React Native as seen by an Android developer
If you haven’t heard of it, React Native is a Framework to develop native apps, and in this article I will explain why I started to love it.
The concept of “native” changes depending on who you ask. For me native has more to do with the Android NDK “The NDK is a toolset that allows you to implement parts of your app using native-code languages such as C and C++.” For web developers native means what most think: Apps that use the platform controls and APIs, as opposite to apps that run on browsers. React Native renders applications using the platform controls, rather than using a browser to render an HTML/CSS UI. It also solves some common issues with native apps like updating the UI asynchronously without blocking it, as React.js does.
It is easier to learn React than to learn Android development
This is a painful realization as an Android developer: React Native is just easier. In Android one has to deal with many caveats no one will tell you the first day. Simple things like not updating your UI from outside the UI Main Thread or the Activity Lifecycle seem obvious today, but for an beginner they can be haunting.
Compare it to learning iOS development as well. I have worked on-and-off on several iOS projects so I can’t call myself an expert, but it was enough time to see how different it is to working with Android, and it has few concepts that take time to be accustomed to it.
In the following code example, I implemented with React Native an image browser in just 100 lines of code, with the following features:
- Connects to Imgur API and downloads a JSON of the most popular content.
- Displays each item on the list. Title and picture.
- The picture is scaled to fit the screen width.
- The picture is downloaded as soon as it is displayed.
React Native App Example
The AppRegistry and the main Component
AppRegistry is the JS entry point to running all React Native apps. App root components should register themselves with AppRegistry.registerComponent.
Here I create the main application Component, which only contains the render function (mandatory on all Components!). The render function returns a Scroller Component, which is defined in the ./app/scroller.js.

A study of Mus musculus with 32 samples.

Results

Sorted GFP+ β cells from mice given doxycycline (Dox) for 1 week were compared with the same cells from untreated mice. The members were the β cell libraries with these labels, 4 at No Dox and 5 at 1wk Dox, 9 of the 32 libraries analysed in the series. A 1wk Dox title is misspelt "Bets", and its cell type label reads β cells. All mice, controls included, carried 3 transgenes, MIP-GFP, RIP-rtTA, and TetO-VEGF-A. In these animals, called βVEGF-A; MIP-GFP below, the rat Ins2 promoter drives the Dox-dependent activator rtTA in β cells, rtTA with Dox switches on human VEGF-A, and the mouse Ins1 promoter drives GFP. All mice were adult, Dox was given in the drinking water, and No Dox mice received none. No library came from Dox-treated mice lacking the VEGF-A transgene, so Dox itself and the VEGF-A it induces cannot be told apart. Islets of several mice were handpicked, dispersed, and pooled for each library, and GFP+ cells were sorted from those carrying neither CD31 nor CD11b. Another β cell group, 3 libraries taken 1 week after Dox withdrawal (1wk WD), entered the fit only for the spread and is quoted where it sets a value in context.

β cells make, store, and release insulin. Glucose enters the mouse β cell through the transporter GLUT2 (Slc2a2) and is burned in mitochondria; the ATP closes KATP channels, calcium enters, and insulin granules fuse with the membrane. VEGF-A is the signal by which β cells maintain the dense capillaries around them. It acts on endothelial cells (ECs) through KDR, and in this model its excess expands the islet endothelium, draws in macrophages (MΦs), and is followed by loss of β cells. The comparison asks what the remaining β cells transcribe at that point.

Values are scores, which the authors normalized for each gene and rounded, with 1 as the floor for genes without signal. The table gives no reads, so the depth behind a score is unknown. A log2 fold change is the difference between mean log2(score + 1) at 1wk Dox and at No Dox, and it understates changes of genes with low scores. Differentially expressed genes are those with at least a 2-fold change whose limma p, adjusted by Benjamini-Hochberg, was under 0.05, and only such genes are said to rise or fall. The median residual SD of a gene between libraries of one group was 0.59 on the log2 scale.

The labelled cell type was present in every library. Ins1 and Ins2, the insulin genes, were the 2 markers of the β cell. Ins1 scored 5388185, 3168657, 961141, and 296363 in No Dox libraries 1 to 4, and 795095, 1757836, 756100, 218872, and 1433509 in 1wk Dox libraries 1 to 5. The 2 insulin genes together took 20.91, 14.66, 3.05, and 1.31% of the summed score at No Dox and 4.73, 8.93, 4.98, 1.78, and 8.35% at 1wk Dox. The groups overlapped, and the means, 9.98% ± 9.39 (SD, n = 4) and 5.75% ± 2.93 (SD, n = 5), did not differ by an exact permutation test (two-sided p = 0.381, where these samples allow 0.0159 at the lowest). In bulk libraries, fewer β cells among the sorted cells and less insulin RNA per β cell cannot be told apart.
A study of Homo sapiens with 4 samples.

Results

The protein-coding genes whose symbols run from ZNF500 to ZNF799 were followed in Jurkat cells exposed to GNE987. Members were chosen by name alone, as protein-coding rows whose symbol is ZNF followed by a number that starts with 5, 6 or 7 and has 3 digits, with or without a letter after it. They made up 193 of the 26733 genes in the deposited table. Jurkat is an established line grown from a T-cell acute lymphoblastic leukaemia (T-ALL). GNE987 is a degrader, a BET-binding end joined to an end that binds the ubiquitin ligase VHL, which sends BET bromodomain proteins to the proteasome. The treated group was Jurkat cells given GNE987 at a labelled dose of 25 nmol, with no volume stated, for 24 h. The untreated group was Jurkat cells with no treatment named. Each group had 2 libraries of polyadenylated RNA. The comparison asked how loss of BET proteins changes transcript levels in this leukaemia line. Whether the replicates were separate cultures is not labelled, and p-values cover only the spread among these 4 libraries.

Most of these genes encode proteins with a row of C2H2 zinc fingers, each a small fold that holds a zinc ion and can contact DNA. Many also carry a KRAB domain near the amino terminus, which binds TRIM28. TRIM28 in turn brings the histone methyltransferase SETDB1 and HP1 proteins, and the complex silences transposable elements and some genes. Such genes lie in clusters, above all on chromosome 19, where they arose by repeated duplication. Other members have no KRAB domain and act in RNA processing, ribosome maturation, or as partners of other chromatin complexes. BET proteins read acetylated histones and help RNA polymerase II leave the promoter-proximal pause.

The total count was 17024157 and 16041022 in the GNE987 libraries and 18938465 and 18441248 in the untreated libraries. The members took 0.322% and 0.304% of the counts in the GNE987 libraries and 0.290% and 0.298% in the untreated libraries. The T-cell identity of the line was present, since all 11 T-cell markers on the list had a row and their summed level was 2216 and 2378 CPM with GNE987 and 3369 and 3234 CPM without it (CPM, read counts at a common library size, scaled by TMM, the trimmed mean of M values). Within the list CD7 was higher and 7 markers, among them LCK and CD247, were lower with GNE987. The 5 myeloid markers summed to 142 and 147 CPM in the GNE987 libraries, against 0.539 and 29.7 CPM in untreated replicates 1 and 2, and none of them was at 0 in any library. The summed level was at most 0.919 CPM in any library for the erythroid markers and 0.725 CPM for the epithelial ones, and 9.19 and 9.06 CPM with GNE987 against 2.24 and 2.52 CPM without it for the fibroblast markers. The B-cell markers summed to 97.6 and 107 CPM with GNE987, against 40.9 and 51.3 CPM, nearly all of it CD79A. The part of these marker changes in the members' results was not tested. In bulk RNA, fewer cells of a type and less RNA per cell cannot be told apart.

The Scroller Component (see the code at the end)
Here I have two different Components, the Scroller and the ScrollerItem, used by the Scroller to render the pictures.
Here we start to see some of the UI Components of React Native, like View, Text and Image. For example, a ScrollerItem renders a View that contains a Text and an Image.
Now if we compare them to Android:
- View is like the android.view class and by default acts like a vertical LinearLayout.
- Text acts much like a TextView, displays text and allows different formatting options. On the contrary to Android, it supports nesting! So you can format specific words within a Text without having to do any Spans magic or using Html.fromHtml().
- Image is more interesting that Android’s ImageView, it is able to handle network images natively. This is something you can already do with Picasso, but before it was really a pain. Also it plays Animated GIF images.
Another thing I found really easy was to scale the Image to fit withing the screen width. A simple call to Dimensions.get(‘window’) and then setting the style size in the render function of the ScrollerItem. Have you tried to do that on Android?
The ListView.DataSource acts like an Adapter in the Android ListView.
cloneWithRows is a weird function name, but what basically does is set the dataSource data with whatever input. In our case, a JSON object from the Imgur API call.
In the ListView we define how do we want to do the rendering using the renderRow property. In this case I will render each row as a ScrollerItem so I pass the item data as a property to it.
The renderLoadingData is just a simple trick to show a loading message while we wait for the JSON response.
And that’s basically it! For completeness, the API.get() call it’s a Fetch. A simple networking API that just works.
As an Android Developer I find overwhelming the power and simplicity of React Native, there are so many things that are just plain pain to do on Android and are solved with absolute grace in React Native.
- How can I unit test my components?
- How can I do instrumentation unit tests?
- What is the best way to structure a React Native app?
- What are the common programming/design patterns?
- How can I comply with the Material Design patterns?
Facebook, the authors of React Native, got the idea right: — learn once, write anywhere. How is this going to affect the job market? Are we going to see mobile developers switching to React Native? Will the React Native Developer be a demanded role? Or will it be a task just done by web developers? This is yet to be seen. IMHO for the first time I think there’s a framework capable of replacing how we develop apps today, and if you call yourself a Mobile Developer, you should check it out.
Update: I have uploaded the code from the example to this GitHub project.